If you haven't yet watched Ivanka's speech at the RNC last night do it, now! Set aside your politics for a few minutes and listen to what makes a speaker effective.
I've coached speakers for decades. From specialists on the neurology of the mind, to world-class professional athletes, to high powered CEOs. I've noticed one immutable truth about great speakers--the ones who move you, draw you in, are the ones who create a sense that what you are listening to is something that is being delivered from a person's heart and soul. In a word it's called your Voice, and finding it means that you have to accept some very basic and difficult things about yourself.
But before I get to that let me share with you an exercise I've been doing with graduate students for over a decade that helps them find the power of their voice.
You Can't Fake Authentic
The landscape of top tier B-schools has become so competitive that only the best and brightest make the cut. Yet, what most students lack is the confidence to get up in front of an audience. So, always do one class on finding your Voice in course. But I do not spend the time talking about technique. That's a very small part of it. I only have one class to teach them the most important lesson of public speaking, being authentic.
The exercise is all about delivering a message without getting lost in it, and goes like this. I give each student two minutes to review and very simple abstract slide, that I pull at random from a deck of hundreds of images, and then give each student five minutes to present anything they want to the class. I affectionately call the exercise "Powerpoint Bingo" since the slide you get is purely the luck of the draw.
You might think that this is an impossible task. Far from it. Without fail, in every single presentation I've seen over the last 10 years, students hit it out of the park. My only advice to them is: "Be yourself, put yourself out there, say what you say with deep passion and conviction, and do not attempt to be a persona you are not."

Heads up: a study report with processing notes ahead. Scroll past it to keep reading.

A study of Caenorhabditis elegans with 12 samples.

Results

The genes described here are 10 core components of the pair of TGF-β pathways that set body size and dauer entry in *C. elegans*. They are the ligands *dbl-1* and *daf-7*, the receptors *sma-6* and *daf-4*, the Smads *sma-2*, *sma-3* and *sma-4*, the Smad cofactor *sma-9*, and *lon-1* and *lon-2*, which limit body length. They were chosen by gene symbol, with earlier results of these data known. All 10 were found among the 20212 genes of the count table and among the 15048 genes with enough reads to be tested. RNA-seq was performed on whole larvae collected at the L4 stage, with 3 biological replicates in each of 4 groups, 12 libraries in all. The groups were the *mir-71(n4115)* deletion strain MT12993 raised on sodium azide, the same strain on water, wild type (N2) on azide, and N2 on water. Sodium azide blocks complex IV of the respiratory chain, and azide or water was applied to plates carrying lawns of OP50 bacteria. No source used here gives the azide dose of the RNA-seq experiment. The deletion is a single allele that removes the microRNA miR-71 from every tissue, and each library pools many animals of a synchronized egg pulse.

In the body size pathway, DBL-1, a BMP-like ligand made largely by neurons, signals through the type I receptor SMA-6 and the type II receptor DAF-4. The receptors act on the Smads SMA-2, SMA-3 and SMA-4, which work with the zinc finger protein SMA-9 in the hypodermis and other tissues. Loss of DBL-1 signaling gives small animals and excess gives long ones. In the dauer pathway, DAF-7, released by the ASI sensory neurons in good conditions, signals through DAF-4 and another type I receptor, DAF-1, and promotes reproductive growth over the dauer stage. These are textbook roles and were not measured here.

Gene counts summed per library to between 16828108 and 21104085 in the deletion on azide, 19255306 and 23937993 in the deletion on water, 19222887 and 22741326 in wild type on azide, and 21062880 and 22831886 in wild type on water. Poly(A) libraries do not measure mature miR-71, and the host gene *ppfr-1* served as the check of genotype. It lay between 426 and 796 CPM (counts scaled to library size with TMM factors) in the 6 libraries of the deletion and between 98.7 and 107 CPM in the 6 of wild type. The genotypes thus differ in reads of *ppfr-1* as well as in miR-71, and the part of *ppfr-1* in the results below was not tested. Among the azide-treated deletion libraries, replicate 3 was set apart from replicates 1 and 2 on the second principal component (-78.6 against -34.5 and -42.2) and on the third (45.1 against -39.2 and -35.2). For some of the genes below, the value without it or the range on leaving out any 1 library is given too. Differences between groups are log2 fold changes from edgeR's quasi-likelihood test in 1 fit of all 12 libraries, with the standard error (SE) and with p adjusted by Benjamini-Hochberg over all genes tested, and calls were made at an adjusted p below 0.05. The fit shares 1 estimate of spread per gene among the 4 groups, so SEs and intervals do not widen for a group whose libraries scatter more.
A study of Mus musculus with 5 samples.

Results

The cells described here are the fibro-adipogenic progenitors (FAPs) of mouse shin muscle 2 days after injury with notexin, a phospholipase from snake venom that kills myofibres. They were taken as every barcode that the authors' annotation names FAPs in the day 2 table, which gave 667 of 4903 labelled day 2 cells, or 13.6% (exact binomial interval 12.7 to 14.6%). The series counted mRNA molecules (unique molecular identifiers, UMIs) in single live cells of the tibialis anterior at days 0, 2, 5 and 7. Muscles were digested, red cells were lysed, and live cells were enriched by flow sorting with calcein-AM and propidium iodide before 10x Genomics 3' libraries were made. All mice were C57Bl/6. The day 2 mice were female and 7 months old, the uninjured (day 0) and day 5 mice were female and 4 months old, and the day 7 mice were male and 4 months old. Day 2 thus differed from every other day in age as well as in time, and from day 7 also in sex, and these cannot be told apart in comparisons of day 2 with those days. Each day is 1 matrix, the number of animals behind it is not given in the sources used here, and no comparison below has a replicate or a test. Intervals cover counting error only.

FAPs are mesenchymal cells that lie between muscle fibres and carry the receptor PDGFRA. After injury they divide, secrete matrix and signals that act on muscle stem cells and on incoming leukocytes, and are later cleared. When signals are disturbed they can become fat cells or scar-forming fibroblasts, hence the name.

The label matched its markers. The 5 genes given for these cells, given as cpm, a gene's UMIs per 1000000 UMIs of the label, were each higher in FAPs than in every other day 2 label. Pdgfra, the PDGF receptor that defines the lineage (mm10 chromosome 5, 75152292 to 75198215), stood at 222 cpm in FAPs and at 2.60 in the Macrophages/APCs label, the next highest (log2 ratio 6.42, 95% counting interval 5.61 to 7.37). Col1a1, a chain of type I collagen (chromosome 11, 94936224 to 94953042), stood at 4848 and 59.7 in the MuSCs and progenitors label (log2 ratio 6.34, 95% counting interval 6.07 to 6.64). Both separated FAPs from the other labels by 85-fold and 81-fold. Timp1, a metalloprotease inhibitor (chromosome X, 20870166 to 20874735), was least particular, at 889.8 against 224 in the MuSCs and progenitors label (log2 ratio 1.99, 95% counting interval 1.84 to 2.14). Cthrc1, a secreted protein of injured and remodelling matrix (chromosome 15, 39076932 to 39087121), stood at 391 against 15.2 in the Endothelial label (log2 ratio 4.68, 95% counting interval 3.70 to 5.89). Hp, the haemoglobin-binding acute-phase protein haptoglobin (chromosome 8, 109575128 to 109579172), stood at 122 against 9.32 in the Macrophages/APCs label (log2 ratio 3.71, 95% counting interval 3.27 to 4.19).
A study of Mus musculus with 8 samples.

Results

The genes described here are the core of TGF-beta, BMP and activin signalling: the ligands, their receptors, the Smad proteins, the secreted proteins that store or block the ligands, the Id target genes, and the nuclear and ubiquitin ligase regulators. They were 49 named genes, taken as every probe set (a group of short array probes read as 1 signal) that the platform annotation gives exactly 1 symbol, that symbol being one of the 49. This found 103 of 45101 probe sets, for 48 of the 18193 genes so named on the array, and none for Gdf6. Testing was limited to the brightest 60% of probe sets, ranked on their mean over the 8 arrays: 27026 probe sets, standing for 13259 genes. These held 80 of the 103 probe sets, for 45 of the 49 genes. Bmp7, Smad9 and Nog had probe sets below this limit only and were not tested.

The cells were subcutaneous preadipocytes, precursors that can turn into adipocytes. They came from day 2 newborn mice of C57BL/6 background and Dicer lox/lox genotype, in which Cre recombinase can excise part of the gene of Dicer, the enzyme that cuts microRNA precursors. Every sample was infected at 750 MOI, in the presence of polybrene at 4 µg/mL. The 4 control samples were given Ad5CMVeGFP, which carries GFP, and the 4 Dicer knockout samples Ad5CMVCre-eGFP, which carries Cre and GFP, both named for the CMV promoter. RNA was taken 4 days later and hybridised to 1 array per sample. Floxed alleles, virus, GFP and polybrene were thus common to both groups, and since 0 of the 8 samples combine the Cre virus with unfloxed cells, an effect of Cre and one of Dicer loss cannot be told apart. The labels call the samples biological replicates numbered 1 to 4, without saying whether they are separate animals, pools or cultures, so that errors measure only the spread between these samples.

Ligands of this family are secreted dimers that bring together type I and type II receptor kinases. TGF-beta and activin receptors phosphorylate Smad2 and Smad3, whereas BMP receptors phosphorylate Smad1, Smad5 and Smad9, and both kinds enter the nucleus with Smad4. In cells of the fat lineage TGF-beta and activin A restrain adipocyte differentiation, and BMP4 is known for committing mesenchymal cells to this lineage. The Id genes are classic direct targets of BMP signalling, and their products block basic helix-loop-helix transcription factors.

Why is this advice so important? Because as humans we have an uncanny ability to infer authenticity in communications, especially a presentation. The cues we rely on are so many and so diverse that trying to make presenting a science is simply impossible unless you're a professional actor or an accomplished professional speaker with thousands of hours of experience. So, for the rest of us mortals, the only thing we can rely on to get across our point is ourselves. And the biggest single mistake people make when they present is to leave themselves backstage and try to adopt the persona of a "speaker" when they come on stage.
Your Voice Comes From Your Heart
What Ivanka Trump did was incredibly simple. She found her Voice and she used it to speak with authenticity, from her heart, with passion, and conviction. You may or may not have head her words but you definitely felt her conviction. We could analyze the content endlessly. I'll leave that to the media pundits, because the content is secondary to my point here, which is that unless you engage an audience even the most magnificent content will go unnoticed. And the only way to engage is to be yourself. (By the way, I'm not for a minute saying that the words are irrelevant, but the gateway to the words is the way their are presented.
You may not have the benefit of a fan blowing your flowing blond locks, a six-foot stature, or a well veneered smile, but you have to accept that the best you have is who you are. I know believing that is hard. Our deepest insecurities surface when we go on stage. And nothing is better at masking our heart, soul, and passion. But from the Wall Street bankers I've worked with to the most uber-competitive CEOs, I've found only one solution for insecurities: Accept them. By doing so, you will not only find your Voice but you will soon celebrate it for the incredible power and impact your unique authentic style can have.